Dr. Chris Williams wants to thank Matt Dumba.
Hockey should thank Williams.
Williams, 57, is a doctor of pediatrics. He grew up in north Minneapolis. He spent Saturday night coaching the North Commons hockey team at the Parade Ice Gardens, after stopping by the Northeast Ice Arena for a team photo with a different club he coaches. He wore a Wild face mask, a North Polars sweatshirt and a Northwestern University beanie and jacket.
Williams was the rare youngster in his neighborhood who felt drawn to hockey. To paraphrase Doc Rivers, he loved the game, but the game did not love him back.
That didn't keep him from giving back. He started a youth league in Minneapolis in 1986 that combined with Dale Hulme's New Directions Youth Ministry, part of Hulme's work at St. Olaf Lutheran Church.
Now Williams is coaching his sons, Marko, 8, and Lazar, 6. "I definitely can relate to what Matt Dumba is doing, and what he's been through," Williams said. "One of my missions is to help ensure that other kids who are following behind me have a better experience than I did, especially in high school.
Two weekends ago, Dumba, a Wild defenseman, organized the first Hockey Without Limits Camp, in Roseville. Williams attended.
What Dumba and Williams have in common is not being white in a sport overwhelmingly populated by white people, and having experienced racism on ice.
Last season Dumba, who is biracial, either knelt and raised a fist during the national anthem before Wild games to protest systemic racism and the killing of George Floyd.
Williams didn't face racism when he first laced on skates — only when he tried to advance in the game.
He was about 7 when he became a fan of the Minnesota North Stars. One Christmas, he received skating lessons, held at Met Center. Years later, he would become a medal-winning adult freestyle figure skater.
When he turned 12, Williams started playing at the Harrison Park rink. Because of his parents' work schedules, he and a friend would walk a mile and a half to the rink from their house in the winter. He remains friends with Bruce Anderson, one of his first coaches. "The best coach I ever had,'' Williams said.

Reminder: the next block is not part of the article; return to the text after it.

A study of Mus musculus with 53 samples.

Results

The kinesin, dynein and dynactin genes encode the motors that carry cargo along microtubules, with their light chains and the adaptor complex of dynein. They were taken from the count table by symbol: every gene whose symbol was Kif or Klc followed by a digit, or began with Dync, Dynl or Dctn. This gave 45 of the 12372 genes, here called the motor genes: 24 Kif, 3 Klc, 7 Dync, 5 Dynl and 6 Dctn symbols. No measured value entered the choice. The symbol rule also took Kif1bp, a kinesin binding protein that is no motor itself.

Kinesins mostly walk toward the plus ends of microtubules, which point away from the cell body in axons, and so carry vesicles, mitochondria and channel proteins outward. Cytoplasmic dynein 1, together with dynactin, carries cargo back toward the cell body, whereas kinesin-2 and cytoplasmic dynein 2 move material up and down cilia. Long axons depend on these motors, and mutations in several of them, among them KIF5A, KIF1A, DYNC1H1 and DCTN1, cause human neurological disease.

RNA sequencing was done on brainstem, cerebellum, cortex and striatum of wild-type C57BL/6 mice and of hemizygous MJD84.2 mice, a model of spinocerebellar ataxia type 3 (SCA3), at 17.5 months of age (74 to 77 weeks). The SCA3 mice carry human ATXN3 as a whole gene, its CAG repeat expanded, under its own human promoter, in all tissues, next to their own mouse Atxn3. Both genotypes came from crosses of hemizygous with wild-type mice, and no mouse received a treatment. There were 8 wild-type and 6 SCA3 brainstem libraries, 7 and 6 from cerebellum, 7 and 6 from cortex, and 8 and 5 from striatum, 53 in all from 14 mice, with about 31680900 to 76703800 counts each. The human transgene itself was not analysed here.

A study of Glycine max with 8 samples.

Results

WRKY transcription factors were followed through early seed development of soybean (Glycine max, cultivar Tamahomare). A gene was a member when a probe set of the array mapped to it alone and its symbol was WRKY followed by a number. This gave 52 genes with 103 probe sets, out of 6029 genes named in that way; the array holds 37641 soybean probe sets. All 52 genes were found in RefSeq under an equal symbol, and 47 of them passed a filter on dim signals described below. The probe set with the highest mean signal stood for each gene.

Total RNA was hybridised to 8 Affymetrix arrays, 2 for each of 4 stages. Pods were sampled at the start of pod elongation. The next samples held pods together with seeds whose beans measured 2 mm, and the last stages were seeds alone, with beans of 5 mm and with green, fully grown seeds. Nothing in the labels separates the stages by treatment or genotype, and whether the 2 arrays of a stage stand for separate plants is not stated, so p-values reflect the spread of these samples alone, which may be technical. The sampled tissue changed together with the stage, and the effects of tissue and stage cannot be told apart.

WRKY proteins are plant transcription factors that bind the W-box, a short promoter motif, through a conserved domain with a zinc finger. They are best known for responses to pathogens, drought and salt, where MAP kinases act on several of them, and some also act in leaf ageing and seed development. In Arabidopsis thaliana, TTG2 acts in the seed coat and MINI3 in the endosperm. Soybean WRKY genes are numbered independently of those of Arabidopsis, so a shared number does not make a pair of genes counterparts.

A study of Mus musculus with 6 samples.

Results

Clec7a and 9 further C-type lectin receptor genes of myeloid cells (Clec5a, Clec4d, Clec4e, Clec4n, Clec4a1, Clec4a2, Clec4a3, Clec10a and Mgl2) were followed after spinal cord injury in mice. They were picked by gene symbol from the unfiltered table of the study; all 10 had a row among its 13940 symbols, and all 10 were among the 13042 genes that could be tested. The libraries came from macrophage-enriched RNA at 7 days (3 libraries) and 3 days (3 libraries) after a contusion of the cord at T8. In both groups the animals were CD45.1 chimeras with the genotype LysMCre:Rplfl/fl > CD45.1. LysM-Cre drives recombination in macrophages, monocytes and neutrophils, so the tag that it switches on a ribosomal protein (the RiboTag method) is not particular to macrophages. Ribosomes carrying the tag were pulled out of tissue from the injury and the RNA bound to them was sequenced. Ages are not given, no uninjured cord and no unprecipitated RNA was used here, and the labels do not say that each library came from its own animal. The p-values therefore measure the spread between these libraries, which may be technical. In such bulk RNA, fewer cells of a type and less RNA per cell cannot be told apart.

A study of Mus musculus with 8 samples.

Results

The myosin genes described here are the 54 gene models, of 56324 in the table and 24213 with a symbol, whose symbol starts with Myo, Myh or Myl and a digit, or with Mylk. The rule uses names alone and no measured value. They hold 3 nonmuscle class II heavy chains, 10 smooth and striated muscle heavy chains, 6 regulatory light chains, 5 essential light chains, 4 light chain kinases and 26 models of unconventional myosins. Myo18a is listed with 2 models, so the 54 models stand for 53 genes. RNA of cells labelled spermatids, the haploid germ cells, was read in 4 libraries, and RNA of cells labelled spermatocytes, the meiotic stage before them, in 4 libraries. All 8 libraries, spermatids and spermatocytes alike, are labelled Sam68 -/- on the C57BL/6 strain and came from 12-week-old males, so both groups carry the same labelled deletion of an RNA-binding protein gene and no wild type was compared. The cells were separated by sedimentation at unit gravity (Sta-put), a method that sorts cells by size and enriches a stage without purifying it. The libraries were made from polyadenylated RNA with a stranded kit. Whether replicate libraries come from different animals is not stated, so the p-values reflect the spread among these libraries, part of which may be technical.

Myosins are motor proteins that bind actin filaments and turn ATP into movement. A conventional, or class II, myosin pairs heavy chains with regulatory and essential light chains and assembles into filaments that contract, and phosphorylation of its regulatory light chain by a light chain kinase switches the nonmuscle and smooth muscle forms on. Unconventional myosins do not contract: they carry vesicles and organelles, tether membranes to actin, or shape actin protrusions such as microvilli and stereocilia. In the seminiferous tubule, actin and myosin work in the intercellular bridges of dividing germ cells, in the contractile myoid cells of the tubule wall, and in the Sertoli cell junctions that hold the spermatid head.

Race wasn't an issue on that team. "But it was for other teams,'' he said. "We heard the 'N' word quite a bit from players on other teams.''
He was fond of watching the Minnesota high school hockey state championships, so at Marshall-University High he tried out for the hockey team.
"I played football, where being Black or white didn't matter, and Marshall was pretty integrated,'' he said. "I didn't think anything of trying out for hockey until I showed up and got the looks, like 'What are you doing here?' It wasn't all the players. There were good guys on the team. But a handful weren't too comfortable with having me there. Not just because I was Black, but because I wasn't part of this small hockey clique at the school.
"It was often suggested that I go play basketball. But I'm terrible at basketball."
In high school games, "I always seemed to have a target on my back,'' he said. "It was the 'N' word, 'Aunt Jemima.'"
Racism kept him from playing his senior year. At Northwestern, he joined the club hockey team. "It was a much more welcoming environment,'' he said. "But there were still comments about a Black guy playing hockey.''
His friends and members of his fraternity, Kappa Alpha Psi, would come to games. "One time a white teammate was sitting next to me on the bench and said, 'No offense, but I've never seen this many Black people at a hockey game,'" Williams said. "I said, 'No offense taken — neither have I.'"
Williams started the youth hockey program while attending medical school at the University of Minnesota. When he moved to Detroit, he coached youth hockey there. He moved back to Minneapolis in 2001 and resumed coaching in the program he started.
Saturday night, he gently coached his diverse, coed North Commons team against Hiawatha. Marko scored a goal.
"I haven't had any interactions with Matt Dumba, but I was at his event," Williams said. "My son was there, too. I definitely can relate to what Matt is doing and what he's been through.
"This is a great game. It should be a great game for everyone."